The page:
I’ve been reading old pulp stories, mainly by E. Hoffman Price. A few of them are spicy stories. That was the term for them. Yesterday’s short story was “Worse than Death,” first published in Spicy-Adventure Stories in 1935. The sex scenes are almost non-existent. He achieves titillation via costuming and description. For example, “Sitti Ayesha, reclining among a heap of cushions, looked like a cigarette ad come to life; her olive-tinted curves smiled tantalizingly through the shimmering silk that caressed her nicely rounded hips.
Yet the actual sex, at least in this story, although not in others, is men taking what they want. An entirely off-screen rape occurs as part of the plot. It wasn’t necessary. A nick of time prevention instead of the right after bursting in of the hero would be a better story, so I have to conclude it was part of the titillation.
So, my question becomes, is this story too tame for today or too violent. For those who claim the latter, how do you say that with the success of Fifty Shades of Grey.
In the context of the Price stories, I’ve been looking up a lot of Middle Eastern terms and stories, such as The Peacock Angel. Another story that came up in relation to his stories is The Queen of Sheba. One of the earliest films portraying this legend is the 1921 movie The Queen of Sheba starring Betty Blythe. One image from the film appears in the Wikipedia articles on Blythe and the film which I’m including.
The costume would fit many of Price’s descriptions of women in both his spicy and non-spicy tales. It would even be spicy today as the amount of exposure would lead to an R rating. Another still in the article for the movie shows her standing with even more exposure.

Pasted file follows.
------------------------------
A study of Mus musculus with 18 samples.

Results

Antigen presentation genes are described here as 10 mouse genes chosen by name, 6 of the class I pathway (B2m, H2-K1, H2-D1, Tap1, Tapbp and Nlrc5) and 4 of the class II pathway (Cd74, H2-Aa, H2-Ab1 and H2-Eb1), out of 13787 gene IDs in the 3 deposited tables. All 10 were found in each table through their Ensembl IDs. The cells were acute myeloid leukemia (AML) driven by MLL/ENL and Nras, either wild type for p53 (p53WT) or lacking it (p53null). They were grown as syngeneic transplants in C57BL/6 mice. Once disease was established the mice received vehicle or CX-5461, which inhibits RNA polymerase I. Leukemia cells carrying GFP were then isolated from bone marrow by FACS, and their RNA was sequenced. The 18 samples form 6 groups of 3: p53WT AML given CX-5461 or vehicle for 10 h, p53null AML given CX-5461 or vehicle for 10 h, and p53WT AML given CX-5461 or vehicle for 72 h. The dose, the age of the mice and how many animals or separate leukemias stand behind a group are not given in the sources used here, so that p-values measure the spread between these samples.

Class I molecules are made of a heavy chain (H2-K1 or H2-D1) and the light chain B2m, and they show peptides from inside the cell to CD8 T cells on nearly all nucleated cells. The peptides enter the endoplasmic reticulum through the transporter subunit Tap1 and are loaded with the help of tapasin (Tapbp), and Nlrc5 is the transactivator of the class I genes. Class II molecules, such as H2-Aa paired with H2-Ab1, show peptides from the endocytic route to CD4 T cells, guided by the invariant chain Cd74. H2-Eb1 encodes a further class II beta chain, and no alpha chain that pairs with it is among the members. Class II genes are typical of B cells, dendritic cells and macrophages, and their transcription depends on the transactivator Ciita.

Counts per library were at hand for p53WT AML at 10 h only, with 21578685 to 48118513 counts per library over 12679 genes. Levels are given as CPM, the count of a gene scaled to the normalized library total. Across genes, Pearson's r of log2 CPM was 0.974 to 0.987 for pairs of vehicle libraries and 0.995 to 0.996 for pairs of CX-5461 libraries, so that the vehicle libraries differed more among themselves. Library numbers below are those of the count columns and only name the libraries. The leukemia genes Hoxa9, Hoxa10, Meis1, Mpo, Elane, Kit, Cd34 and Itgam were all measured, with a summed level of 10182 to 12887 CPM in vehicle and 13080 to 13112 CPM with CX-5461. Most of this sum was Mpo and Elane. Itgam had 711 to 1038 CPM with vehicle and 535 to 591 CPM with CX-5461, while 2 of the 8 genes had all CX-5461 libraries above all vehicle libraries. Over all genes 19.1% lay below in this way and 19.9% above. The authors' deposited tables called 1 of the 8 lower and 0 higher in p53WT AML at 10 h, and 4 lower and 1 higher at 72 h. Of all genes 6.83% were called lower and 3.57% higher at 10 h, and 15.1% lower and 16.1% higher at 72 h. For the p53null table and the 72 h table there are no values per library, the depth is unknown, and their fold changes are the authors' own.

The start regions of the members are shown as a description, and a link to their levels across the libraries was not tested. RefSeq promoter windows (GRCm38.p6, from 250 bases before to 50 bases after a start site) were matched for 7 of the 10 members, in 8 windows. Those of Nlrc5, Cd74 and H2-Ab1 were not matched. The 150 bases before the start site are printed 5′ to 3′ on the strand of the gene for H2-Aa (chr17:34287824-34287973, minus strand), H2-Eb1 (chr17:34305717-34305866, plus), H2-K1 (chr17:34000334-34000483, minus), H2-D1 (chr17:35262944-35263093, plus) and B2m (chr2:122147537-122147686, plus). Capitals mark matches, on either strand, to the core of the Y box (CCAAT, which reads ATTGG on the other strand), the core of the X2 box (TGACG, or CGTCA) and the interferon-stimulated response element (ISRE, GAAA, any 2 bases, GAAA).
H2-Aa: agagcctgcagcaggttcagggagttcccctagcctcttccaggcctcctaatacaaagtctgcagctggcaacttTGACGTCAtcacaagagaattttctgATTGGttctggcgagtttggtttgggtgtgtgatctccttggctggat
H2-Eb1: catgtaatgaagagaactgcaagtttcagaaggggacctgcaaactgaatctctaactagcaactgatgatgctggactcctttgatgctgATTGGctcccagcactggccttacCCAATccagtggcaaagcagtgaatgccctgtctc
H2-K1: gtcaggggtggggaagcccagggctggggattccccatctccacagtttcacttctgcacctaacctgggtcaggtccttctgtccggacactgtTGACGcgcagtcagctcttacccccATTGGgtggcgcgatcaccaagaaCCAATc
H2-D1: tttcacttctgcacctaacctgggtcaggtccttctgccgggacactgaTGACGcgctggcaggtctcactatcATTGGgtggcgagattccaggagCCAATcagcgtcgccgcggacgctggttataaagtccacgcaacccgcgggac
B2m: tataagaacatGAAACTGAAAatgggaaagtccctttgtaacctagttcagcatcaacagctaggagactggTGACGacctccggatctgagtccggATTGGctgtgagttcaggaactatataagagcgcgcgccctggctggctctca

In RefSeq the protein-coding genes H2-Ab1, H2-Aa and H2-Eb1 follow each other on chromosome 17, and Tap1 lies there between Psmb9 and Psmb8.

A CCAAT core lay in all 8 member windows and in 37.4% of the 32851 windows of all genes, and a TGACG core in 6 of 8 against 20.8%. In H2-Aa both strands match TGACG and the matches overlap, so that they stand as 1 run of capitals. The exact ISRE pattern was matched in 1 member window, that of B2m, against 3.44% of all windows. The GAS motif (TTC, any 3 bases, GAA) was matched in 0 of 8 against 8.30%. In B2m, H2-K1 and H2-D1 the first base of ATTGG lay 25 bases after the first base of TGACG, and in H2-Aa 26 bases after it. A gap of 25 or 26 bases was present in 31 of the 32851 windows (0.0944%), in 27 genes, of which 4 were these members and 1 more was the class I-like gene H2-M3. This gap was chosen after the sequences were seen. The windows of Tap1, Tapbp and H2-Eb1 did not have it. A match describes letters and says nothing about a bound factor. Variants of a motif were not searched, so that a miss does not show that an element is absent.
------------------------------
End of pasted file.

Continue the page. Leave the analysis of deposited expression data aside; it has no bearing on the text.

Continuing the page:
Having lived through actresses going topless being a big deal, culminating in Julie Andrews going topless in Blake Edward’s (her husband) movie S.O.B.
It is interesting that S.O.B. came out precisely sixty years after The Queen of Sheba, but its bare breasts were more arguably more controversial. I have found no evidence of controversy about Blythe’s costuming despite it being much more revealing.
I’ll also admit I like Blythe’s costuming more than the “hot” outfits women wear in movies these days, but I was raised on Barsoom and similar tales so that pseudo-Arabian Nights slave girl imagery has been with me forty-odd years.
I think today, we limit our palettes of what is sexy and isn’t in too many ways. Not just costuming, but assumptions about us being more liberal than in the past, which seems to have been much more mixed than now. Easy access to porn probably doesn’t help because it runs roughshod over the subtle.
As for me, on top of my love of dancing harem girls, I’m coming to enjoy silk hugged curves and negligees such that “the edges of the filmy substitute for nudity weren’t on speaking terms…” The latter is from “Triangle with Variations”, my favorite spicy Price to date.
I like them much more than modern sexy.